Senior Adviser (Consultant)
Charlie started at Ryanair in 1986 when it was just a start-up operation. In fact, he sold the airline's very first ticket! As Director of Ground Operations, he left in 2002. He then ran the Tiger Airways joint venture in South East Asia with SIA. He was invited to join Webjet, a struggling Brazilian airline at the start of 2010 before an Industry Sale to Gol in 2011.
Charlie joined Ryanair at its inception in 1986 and was the fifth employee of Ryanair. He sold its first ticket to a passenger. Since then, he has gained unique experience by working his way up through the organisation during a period when the airline changed dramatically from a loss -making full-service carrier to LCC, and one of the most profitable airlines in the world.
Ryanair was the first airline to adapt the low-cost no-frills model to fit the European environment. That experience has given Charlie a unique level of understanding on how dramatic change from full service, loss making carrier, to a profitable low-cost carrier can be managed successfully. It has survived the change and prospered dramatically through developing an understanding of what is required of such a carrier by passenger and shareholder alike, embracing the strict management disciplines needed to make Ryanair the benchmark for other LCC’s throughout the world. Such experience is unique and valuable.
As Director of Ground Operations and In-flight a position held from 1997 to 2002, Charlie held a wide brief, reporting directly to Michael O Leary, the CEO. Almost half the Ryanair staff reported through deputies directly to him. He worked closely with O’Leary on all company matters and was a trusted deputy. Along with operational matters he had direct responsibility for dealing and negotiating with all the major airport and handling agencies. Before leaving he led the project team on the second Independent Terminal project at Dublin airport, for Ryanair. In addition, he had responsibility for many of Ryanair’s ancillary sales activities; this area generated in excess of 20% of the airlines revenue and was critical to the profitability of the carrier. Charlie left Ryanair in December 2002 having decided to broaden his industry experience outside the airline. Having benefitted from the company flotation in 1997 and thru subsequent share option grants, Charlie left Ryanair on excellent terms, and remains close to the key individuals to this day.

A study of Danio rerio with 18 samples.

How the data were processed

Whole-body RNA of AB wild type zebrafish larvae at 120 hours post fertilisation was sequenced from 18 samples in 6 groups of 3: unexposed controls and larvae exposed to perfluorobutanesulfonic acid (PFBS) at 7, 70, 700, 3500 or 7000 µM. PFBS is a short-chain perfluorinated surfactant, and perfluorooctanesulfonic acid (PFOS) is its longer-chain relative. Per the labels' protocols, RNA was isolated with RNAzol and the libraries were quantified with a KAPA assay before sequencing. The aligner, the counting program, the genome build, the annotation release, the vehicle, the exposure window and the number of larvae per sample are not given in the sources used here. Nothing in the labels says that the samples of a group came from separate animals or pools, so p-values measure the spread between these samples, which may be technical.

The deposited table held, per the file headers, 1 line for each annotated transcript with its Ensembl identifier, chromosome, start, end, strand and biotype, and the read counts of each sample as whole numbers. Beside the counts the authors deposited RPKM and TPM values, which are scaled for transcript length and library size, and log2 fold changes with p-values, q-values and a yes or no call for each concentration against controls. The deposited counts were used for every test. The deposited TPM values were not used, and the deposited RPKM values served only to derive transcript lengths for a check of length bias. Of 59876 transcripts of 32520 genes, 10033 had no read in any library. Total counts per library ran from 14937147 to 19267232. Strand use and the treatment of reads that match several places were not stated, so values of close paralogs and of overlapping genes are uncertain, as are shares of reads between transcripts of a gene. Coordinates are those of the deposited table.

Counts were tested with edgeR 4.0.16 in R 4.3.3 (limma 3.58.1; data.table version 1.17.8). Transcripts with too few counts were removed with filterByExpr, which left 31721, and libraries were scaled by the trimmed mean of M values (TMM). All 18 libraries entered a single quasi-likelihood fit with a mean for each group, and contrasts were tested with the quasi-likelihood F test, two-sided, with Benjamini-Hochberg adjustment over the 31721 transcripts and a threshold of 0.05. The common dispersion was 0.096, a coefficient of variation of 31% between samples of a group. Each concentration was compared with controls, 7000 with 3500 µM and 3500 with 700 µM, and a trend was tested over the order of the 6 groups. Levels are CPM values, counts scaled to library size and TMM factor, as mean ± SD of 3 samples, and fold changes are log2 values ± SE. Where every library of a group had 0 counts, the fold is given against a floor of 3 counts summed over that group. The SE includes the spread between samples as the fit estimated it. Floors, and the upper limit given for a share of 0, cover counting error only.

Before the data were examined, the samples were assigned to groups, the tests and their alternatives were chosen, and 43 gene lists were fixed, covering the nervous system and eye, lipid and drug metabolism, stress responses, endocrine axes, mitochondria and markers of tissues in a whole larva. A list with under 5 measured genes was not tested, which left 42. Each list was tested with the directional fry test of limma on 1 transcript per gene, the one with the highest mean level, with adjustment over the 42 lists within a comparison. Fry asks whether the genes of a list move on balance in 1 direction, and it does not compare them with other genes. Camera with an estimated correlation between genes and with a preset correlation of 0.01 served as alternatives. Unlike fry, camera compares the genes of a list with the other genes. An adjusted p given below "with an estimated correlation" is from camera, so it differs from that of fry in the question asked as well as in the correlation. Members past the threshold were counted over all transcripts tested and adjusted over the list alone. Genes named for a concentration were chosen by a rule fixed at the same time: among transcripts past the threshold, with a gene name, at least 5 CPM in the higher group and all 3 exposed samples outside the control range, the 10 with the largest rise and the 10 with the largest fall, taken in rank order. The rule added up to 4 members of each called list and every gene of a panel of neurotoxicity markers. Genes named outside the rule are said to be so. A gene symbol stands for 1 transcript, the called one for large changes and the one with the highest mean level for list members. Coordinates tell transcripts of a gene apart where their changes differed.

In October 2003 Declan Ryan (son of the founder of Ryanair) asked Charlie to set up Tiger Airways, a low-cost airline based on the Ryanair model, based in Singapore. He started the airline, employed the core team and became operational by September 2004. Apart from getting the airline operational on time and within budget, he was also able to persuade the Singapore government to build a low-cost terminal at Changi Airport delivering a cost base 30% > 50% lower than existed at the main terminal. This was critically important in an environment where secondary airports, and the lower costs that go with them, are scarce.
In January 2005 Charlie set up his own company, Whitby Consulting Ltd., and began a number of consulting posts both in aviation and non-aviation projects. He also invested in some non-aviation projects. In 2007 he was invited to become a partner in Irelandia Aviation, a private equity investment company (owned by the Ryan family) the company is involved in identifying potential low-cost airline investment opportunities throughout the world. Irelandia has invested in numerous airline start-ups including, Tiger Airways, Allegiant Airlines and Viva Aerobus in Mexico. He was closely involved in Tiger having set the company up but was also an equity stakeholder and co-owner in the airline.
In November 2009 Charlie was introduced (through Irelandia) to Webjet, a family owned Brazilian airline attempting to transition from a heavily loss-making full-service carrier to becoming a “Ryanair” type LCC. Webjet approached him to join the company and become a full-time advisor and Board member. The successful turnaround of Webjet allowed the airline to file for an IPO in March 2010. At exactly this time the “Arab Spring” began, and oil reached 2.5 year highs ( $120 per barrel ) resulting in a management decision to postpone the IPO. Instead they began to look at an alternative exit strategy – a sale to GOL. The Company was sold to GOL in July 2011.
At the end 2017 Charlie was approached by Ryanair to help them with the purchase and transition of LaudaMotion in Vienna. This was the first successful purchase of an airline by Ryanair outside of the UK, he agreed to work on the project for the initial 3 months (from March - May 2018).